Innovative food companies continue to release products targeted at helping those with unique dietary needs. Here are some that have caught my eye.

Let's say you're a vegetarian who relies on tofu as a source of protein. Then one day you find you have an intolerance to soy, the base of tofu. What to do? Create a different tofu base, of course.

This was the route that Adam Biddle and Danny Eurich took when they started the Colorado Springs-based Lambert's Tofu Co. Eurich is the executive chef at Coquette's Bistro and Bakery. Biddle is a vegetarian with a flair for marketing.

"Danny and I talked about making a tofu that tastes good, for years," Biddle said. "I'm vegetarian, and he used to work at a tofu factory years ago. Then my wife developed a soy intolerance, and that pushed us to create non-soy tofu."

They experimented until finally creating something that would perform like conventional tofu. I spotted Biddle selling the black bean tofu at the Denver Neat Market and picked up a package of the product labeled spicy. He recommended cutting the 1-pound block into four slices and cooking them on the grill. I found the product to be a perfect substitute for regular tofu, but with a great flavor on its own. Soy-based tofu requires seasoning to have any flavor.

You can buy a 1-pound package of black bean tofu at Mountain Mama and Coquette's Bistro and Bakery for $5. It comes in regular and spicy flavors. By the way, Lambert is the name of Biddle's cat, also the logo for the product.

If you practice a vegan diet, you might be interested in Just Mayo, an eggless mayonnaise produced by the San Francisco-based Hampton Creek Foods. The spread is made from about a dozen plants, including peas, sorghum and a type of bean that has properties similar to eggs. The spread is non-GMO, lactose-free, cholesterol-free, egg-free, soy-free, dairy-free and kosher and contains no artificial colors or flavors. It's available as regular mayo, Garlic Aioli Mayo, Chipotle Mayo and Sriracha Mayo. I like the chipotle and sriracha, but the aioli is tasty as well. The regular version is ideal when you're looking for a binder for egg or tuna salad. The products recently have been introduced at Costco.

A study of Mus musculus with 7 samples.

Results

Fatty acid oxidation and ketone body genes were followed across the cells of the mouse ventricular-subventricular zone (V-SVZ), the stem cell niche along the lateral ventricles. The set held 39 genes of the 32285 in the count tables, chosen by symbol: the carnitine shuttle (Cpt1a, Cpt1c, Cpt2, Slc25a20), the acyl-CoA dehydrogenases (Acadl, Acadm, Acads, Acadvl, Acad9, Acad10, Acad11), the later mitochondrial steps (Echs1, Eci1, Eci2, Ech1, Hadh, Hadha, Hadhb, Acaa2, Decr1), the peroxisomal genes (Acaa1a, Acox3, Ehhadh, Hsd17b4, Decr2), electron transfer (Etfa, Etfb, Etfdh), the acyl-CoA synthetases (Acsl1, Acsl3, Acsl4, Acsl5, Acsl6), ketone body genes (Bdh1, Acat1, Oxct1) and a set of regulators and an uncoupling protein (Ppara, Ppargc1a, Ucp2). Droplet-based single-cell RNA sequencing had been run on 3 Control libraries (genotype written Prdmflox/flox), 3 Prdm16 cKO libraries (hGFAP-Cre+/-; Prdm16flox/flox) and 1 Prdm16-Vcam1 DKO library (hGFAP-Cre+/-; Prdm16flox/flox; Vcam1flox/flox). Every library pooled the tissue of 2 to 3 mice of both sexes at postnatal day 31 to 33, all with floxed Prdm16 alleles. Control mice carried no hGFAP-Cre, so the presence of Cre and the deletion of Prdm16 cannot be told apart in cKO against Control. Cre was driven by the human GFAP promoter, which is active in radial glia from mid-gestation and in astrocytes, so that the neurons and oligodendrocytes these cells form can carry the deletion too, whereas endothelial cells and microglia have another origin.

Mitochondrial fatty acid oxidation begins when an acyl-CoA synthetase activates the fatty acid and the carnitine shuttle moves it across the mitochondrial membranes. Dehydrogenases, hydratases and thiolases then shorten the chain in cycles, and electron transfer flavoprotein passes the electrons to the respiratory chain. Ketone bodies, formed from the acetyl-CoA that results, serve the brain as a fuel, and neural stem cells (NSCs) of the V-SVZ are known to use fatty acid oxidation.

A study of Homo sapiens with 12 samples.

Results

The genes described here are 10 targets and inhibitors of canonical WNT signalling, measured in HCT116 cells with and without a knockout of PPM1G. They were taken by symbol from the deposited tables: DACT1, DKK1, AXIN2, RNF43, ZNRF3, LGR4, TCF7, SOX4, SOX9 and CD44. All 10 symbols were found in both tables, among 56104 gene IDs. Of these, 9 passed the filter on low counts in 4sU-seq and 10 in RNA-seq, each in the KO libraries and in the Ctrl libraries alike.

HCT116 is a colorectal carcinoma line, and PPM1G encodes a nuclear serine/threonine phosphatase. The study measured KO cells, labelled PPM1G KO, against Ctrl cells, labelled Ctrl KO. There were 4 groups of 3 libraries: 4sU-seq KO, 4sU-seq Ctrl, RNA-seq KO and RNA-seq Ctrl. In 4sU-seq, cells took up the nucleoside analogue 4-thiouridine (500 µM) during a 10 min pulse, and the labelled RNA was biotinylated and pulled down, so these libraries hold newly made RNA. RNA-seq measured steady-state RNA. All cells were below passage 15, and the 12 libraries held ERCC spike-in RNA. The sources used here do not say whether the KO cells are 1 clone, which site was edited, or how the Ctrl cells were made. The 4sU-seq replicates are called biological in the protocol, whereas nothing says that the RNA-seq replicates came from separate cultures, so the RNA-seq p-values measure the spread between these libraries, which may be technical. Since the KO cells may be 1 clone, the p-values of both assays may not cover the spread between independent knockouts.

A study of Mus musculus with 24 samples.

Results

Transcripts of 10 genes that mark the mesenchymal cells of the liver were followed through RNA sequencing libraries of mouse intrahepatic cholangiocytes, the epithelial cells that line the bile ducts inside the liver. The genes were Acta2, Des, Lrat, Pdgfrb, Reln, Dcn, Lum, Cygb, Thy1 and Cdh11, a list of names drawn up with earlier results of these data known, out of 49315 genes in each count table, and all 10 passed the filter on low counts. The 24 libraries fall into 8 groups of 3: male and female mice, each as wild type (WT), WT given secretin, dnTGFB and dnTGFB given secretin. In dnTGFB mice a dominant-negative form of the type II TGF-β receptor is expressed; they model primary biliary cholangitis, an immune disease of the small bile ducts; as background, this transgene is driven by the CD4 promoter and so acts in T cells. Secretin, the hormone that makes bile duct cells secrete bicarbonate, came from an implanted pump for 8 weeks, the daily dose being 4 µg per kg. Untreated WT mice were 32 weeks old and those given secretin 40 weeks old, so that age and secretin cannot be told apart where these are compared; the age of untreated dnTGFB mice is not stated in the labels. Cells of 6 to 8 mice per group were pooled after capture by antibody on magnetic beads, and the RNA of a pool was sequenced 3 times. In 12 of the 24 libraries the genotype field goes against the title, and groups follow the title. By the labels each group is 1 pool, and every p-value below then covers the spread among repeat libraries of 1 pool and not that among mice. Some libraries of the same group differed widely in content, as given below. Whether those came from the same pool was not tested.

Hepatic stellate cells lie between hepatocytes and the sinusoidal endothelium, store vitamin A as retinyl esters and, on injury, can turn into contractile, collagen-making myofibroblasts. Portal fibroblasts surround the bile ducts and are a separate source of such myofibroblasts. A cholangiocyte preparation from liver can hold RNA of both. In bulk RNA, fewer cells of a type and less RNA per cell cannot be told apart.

Hampton Creek Foods is using that same egg-substitute bean to make a cookie dough-like product called Eat The Dough! It can be eaten raw or can be baked. It has not been launched, but I will let you know what I think when it hits the shelves.

Finally, how about some chips that boast around 50 percent less fat than potato chips? Check out Simply 7 chips, which you can find at Safeway. They are made with bases of hummus, lentils, quinoa and pomegranate. I'm especially enthralled with the Pomegranate Chips with Black Pepper. They have a slightly sweet, tangy pomegranate flavor with a black pepper finish. They're shaped like cups so they make excellent dip scoops.